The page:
How to Stay Sane Amid Trending Chaos

As of late, it seems we are being bombarded with tragic, controversial, & polarizing content that becomes a talking trend for weeks or at least until the next buzz hits the net. Much of this content has so many layers by the time we reach the base of it, we have over-consumed all of the sensational points and have no further interest in the facts, but there have to be lasting effects for this kind of constant behavior. We have become so desensitized and removed from humane engagement that we abruptly share videos, stories, and headlines without any consideration of their truth or impact.

We live in an era where watching black men, women, and children gunned down becomes a viral hit. Where psychopathic men use Facebook live to kill elderly individuals. Not to mention, we have a President who takes to social media and all other public platforms to boldly and falsely attack nations and distinguished figures creating a potential atmosphere for war and retaliation. None of this can be healthy for the progressive and positive psyche of our society. There are children being raised in a time where we value retweets more than sound and sane judgment of the context of the content. While one of the foundational purposes of the internet is to share moments, is it not necessary to discern the value of what we share?

It is realistic to believe that some individuals share the content for the sake of informing others, but undoubtedly there is a select group of people who share these clips for the sake of growing their own attention base. So now, how do we combat being overwhelmed with triggering images and material? Disengage.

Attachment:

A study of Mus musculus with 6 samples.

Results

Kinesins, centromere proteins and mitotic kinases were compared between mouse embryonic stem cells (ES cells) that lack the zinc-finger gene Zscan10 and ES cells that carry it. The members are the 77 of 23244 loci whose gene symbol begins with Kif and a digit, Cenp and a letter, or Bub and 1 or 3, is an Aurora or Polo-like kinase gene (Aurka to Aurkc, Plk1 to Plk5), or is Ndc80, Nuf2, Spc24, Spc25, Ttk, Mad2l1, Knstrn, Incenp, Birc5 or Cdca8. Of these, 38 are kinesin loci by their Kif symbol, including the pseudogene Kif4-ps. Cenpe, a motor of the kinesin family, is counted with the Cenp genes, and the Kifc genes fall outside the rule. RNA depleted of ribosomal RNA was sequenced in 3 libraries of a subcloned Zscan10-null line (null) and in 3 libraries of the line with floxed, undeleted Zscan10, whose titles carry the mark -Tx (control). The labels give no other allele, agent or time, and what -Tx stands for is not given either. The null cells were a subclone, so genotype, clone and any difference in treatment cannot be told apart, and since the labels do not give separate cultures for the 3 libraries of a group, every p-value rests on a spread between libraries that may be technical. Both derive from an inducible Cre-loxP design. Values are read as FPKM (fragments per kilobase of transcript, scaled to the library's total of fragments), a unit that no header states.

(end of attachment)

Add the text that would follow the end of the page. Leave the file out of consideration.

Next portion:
For example, in the recent case of the Cleveland murderer who killed 78-year old Robert Godwin Sr. on Facebook live, the video has been shared countless times instead of just sharing the victim's image. You do not have to see the graphic details of a murder to feel the shock and compassion of tragic loss. Another example is the young teen who accidentally killed himself while playing with a gun, or the death of Alton Sterling, Philando Castile, and countless unfortunate others. We have to remember that these instances are not happening as a plot on your favorite scripted reality television show. This is real life and these circumstances have real effects. Consider if you were close to any of the circumstances would you want your memory reduced to a 30-second viral clip?

If we can acknowledge the influential power of advertising we must logically apply the same concept to viewing tragedy. Companies spend billions of dollars annually to grasp a moment of our attention with an expectation to drive sales, what becomes the mind of a person who ingests heinous material weekly without decompressing what they witnessed? It is more than ok to read the article without viewing the video. Investigate the headline and the sources before you spread the titling. Use the hide feature on platforms to weed out sensitive content. Do not be afraid to let your friends know that you have no interest in receiving that kind of material. Lastly, you are not obligated to be a part of every hot topic tragedy that the Internet trends. The need for mental stability far exceeds the need for social commentary.